National Library of Scotland - Crawford
Ballad XSLT Template
A
Pleasant JIGG
Betwixt
Jack and his Mistress:
Or, The young Carman's Courage cool'd by the
suddain approach, of his Master, who found him too kind to his
Mistress.
Tune of Mary Live Long. Licensed according to Order.

A Carman of late,
Who liv'd in the City,
A sorrowful Dity,
His wife was too great
with their Prentice Boy,
But a swinging young Spark
At a wench in the dark;
Now this his Dame knew,
And therefore stout Johnny,
And therefore stout Johnny,
Must tickle her to.

It happen'd one day,
His Mistriss came to him,
No question she knew him,
To be e'ry way,
a Lad for her turn;
Where's your Master, she cry'd?
With a friend; he reply'd;
She then void of shame,
Said Johnny come kiss me,
Sweet Johnny come kiss me,
Make much of thy Dame.

Sweet Mistress I fear,
A woful disaster,
The wrath of me Master,
If once he should hear,
I play'd with your Lute,
He would liquor my hide,
You're a fool, she reply'd,
Take courage for shame,
O fear not your Master,
Boy fear not your Master,
But pleasure your Dame.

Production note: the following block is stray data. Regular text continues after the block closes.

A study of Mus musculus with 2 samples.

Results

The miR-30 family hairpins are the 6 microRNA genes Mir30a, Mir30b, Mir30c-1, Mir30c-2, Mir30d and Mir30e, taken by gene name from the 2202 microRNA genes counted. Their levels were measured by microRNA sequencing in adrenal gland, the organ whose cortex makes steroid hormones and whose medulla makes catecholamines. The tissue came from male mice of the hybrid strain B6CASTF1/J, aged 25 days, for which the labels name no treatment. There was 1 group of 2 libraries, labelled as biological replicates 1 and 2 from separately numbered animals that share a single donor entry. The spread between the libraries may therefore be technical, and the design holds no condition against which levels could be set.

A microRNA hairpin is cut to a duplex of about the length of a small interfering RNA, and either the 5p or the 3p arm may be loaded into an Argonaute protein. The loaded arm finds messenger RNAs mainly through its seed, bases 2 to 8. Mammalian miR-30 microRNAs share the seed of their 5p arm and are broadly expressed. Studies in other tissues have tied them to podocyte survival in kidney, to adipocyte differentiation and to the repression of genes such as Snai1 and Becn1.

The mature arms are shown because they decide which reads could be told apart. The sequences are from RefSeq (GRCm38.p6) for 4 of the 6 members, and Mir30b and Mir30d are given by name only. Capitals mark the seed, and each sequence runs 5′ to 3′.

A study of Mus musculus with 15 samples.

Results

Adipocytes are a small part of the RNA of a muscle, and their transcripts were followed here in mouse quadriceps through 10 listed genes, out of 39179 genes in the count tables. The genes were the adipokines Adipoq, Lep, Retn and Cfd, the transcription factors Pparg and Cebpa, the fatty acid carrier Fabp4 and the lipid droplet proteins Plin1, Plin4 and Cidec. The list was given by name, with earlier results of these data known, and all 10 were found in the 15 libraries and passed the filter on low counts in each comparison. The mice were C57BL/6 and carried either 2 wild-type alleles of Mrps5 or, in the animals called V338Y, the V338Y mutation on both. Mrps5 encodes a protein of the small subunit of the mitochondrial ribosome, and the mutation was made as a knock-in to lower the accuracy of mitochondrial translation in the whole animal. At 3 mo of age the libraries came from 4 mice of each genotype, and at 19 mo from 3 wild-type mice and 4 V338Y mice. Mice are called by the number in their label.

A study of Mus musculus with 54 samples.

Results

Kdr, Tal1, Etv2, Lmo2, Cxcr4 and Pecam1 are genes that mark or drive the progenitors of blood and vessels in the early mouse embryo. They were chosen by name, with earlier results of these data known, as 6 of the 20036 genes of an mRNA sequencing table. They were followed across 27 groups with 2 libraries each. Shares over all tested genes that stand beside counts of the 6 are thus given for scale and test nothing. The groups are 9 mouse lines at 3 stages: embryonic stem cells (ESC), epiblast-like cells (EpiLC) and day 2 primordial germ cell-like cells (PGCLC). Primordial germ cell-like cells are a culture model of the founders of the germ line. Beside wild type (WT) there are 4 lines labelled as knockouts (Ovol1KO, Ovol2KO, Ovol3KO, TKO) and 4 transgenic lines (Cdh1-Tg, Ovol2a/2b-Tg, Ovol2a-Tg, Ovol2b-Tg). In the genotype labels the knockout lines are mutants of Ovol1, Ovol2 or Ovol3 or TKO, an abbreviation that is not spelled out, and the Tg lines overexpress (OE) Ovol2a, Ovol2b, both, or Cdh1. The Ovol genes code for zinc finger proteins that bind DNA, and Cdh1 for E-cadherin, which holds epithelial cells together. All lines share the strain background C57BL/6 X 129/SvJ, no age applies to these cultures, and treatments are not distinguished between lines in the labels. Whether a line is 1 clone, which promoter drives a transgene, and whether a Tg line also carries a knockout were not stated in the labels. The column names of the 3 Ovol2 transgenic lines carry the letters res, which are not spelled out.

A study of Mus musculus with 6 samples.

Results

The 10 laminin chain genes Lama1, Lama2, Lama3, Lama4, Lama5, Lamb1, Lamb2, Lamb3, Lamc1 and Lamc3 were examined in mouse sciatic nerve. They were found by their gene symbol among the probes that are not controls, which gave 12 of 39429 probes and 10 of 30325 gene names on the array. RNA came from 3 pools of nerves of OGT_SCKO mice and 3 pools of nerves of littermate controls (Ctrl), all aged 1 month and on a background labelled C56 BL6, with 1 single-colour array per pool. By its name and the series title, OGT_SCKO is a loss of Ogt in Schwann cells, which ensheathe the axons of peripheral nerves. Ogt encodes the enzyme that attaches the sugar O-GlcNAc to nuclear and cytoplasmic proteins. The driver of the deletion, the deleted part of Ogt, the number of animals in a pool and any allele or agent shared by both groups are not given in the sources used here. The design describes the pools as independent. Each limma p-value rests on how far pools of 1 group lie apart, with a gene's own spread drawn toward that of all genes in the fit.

I count it no crime,
To dally in pleasure,
We'll Toy out of measure,
Tis not the first time,
Nor sha'nt be the last,
Therefore come on my Boy,
Let us Pleasure enjoy,
Take Courage for shame,
'Tis sweet Recreation,
'Tis sweet Recreation,
To pleasure thy Dame.

Thy Master, I'll swear,
If once he should Cavel,
We'll send to dig Gravel,
With Friends to Horn-Fair,
He dare not say no,
But at home we will stay,
Then in order to play,
The Frolicksome Game,
Boy do not deny me,
John do not deny me,
But pleasure thy Dame,

Thy Corral and Bells,
And Whistle I know it,
If thou wilt bestow it
For pleasures excells,
The lest in the Town,
Thou art Lusty and strong
And can lay me along,
Take Courage for shame,
Thou here in the Stable,
Thou here in the Stable,
Shall pleasure thy Dame.

His master by chance,
Then being near them,
Did soon over-hear them,
And strait did advance,
With fury and Rage,
Like a Fellow Horn-mad,
He fell on the Lad,
His shoulders he paid,
'Cause John in his Pasture,
'Cause John in his Pasture,
a Tresspass had made.

Ah! what hast thou done,
So sad a beration,
Was ne'r in the nation,
Horn-mad I shall run,
Without all dispute,
Oh ye villain said he,
I will not make you Free,
But bring you to shame,
Because you have wrong'd me,
Because you have wrong'd me,
and play'd with your Dame.


Printed for J. Deacon, at the Angel in Guilt-spur-street without New-Gate.